There was once a time when domestic dealings happened very much in the personal space, with few people wanting to share their grievances with the public. That’s not the case today. Oversharing on social media is very much the norm now. However, with the freedom to express ourselves online on so many platforms, comes the responsibility to be aware of the consequences of what we share, especially when legal dealings are underway. According to a study conducted in the US, 81% of family law lawyers have found evidence to support divorce cases through social media. 66% of that information is found on Facebook.

It’s an unfortunate consequence of our open social media mentality, that many people don’t stop to think about the negative ways in which shared content can be used. They act without thought and consideration, dismissing the social media as a necessary but trivial part of their lives. For many, that is true, but not for those going through a divorce. The things that seem trivial can harm your divorce case immensely. Things like posting pictures of people you are with, checking into restaurants or posting comments about your ex can be taken as evidence against you.

Under such circumstances, it is only fair that you keep certain guidelines in mind when it comes to social media conduct when a divorce is in progress.

  • Don’t air your dirty laundry online – mentioning the divorce or your issues with your marriage on social media will only hurt your case.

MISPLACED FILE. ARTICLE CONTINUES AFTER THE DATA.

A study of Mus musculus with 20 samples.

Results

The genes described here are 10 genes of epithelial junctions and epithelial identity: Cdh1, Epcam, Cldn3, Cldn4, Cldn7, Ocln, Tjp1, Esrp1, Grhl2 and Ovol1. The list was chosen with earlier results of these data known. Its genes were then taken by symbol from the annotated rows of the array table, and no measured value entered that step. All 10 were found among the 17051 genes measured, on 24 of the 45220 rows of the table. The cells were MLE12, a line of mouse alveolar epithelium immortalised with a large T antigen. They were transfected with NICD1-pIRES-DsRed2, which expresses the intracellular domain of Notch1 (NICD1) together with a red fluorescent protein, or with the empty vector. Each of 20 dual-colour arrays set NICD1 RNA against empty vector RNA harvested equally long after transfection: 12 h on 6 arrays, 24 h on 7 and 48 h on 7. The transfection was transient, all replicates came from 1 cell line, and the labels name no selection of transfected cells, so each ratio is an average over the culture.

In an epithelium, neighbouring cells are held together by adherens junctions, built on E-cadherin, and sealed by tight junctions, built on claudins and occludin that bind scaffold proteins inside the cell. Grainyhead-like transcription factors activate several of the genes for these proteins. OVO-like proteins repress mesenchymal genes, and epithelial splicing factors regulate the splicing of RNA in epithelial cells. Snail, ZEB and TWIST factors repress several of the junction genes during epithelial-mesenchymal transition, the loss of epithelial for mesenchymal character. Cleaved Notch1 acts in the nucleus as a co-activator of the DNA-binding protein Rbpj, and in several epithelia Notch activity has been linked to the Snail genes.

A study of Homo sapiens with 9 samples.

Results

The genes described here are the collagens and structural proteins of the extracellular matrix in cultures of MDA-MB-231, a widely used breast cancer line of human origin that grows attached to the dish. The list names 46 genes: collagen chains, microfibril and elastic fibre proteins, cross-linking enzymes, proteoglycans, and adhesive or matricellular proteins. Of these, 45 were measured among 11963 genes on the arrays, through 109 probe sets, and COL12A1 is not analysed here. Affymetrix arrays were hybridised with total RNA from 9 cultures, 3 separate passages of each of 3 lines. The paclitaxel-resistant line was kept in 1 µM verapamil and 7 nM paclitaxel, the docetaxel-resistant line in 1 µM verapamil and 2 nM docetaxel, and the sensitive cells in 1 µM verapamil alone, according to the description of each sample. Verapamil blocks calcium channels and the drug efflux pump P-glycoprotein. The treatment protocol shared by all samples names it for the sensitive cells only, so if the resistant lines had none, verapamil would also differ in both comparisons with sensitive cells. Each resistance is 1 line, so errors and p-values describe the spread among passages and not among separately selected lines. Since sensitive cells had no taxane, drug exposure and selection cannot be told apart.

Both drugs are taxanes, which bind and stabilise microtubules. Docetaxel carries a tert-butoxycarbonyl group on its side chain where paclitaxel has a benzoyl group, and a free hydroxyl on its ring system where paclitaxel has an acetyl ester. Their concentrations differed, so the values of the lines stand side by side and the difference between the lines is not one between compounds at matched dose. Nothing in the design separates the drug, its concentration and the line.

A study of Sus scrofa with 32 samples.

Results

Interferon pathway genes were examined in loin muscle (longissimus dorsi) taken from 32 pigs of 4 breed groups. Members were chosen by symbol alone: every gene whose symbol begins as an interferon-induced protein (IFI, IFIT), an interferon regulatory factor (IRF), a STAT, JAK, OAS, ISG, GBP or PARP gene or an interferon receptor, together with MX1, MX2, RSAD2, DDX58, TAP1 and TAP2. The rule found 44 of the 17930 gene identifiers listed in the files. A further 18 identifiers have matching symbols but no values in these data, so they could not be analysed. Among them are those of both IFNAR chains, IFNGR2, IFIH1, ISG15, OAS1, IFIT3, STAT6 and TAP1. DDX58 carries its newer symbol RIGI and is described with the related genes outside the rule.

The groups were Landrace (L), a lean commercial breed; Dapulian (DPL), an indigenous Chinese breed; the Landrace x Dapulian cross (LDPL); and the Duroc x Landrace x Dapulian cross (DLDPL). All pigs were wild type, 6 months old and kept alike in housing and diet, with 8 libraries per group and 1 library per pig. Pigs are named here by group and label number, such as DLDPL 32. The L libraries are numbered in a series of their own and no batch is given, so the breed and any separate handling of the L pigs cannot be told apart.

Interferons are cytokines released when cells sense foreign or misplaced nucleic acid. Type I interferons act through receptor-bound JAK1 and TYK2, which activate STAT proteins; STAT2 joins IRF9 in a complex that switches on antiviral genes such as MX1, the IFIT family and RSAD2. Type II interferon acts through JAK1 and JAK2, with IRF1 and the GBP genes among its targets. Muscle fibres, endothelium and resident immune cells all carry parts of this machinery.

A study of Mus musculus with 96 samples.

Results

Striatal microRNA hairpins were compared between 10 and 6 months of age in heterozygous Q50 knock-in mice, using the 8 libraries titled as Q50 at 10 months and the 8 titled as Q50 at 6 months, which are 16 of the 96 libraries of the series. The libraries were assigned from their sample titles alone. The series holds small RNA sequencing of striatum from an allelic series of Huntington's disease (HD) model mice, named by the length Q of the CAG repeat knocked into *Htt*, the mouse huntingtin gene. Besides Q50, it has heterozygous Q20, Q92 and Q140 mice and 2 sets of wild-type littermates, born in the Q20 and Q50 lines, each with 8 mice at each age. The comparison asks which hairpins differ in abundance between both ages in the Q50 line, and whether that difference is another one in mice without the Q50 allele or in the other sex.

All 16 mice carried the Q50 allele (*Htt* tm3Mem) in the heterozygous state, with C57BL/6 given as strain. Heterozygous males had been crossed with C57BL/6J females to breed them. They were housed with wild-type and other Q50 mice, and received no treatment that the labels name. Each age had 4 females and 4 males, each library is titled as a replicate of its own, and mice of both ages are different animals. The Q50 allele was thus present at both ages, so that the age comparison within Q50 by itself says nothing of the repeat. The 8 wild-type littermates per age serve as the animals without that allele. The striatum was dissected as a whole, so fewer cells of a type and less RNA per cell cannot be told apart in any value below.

• Untruthful statements made online can result in libel action against you
  • Don’t post any negative comments about your ex
  • Even general posts can harm your case. Don’t post pictures of social events and gatherings on Facebook and Instagram during the proceedings.
  • Don’t check-in to any place, not even work. It could be used against you. And disable the function that allows other people to check you in as well.
  • Limit what posts are being seen by your ex and their mutual friends through privacy settings.
  • Disable the tag function for pictures.
  • Avoid disclosing your relationship status at any time.
  • Make sure that any status change you make regarding your relationship is private.
  • When in doubt, deactivate your social media accounts and reactivate them once the divorce is over.

 

About the Author

Cheryl Goldhart and the team of lawyers at Goldhart & Associates work exclusively in the area of family law. They have the experience and dedication to assist clients achieve their objectives.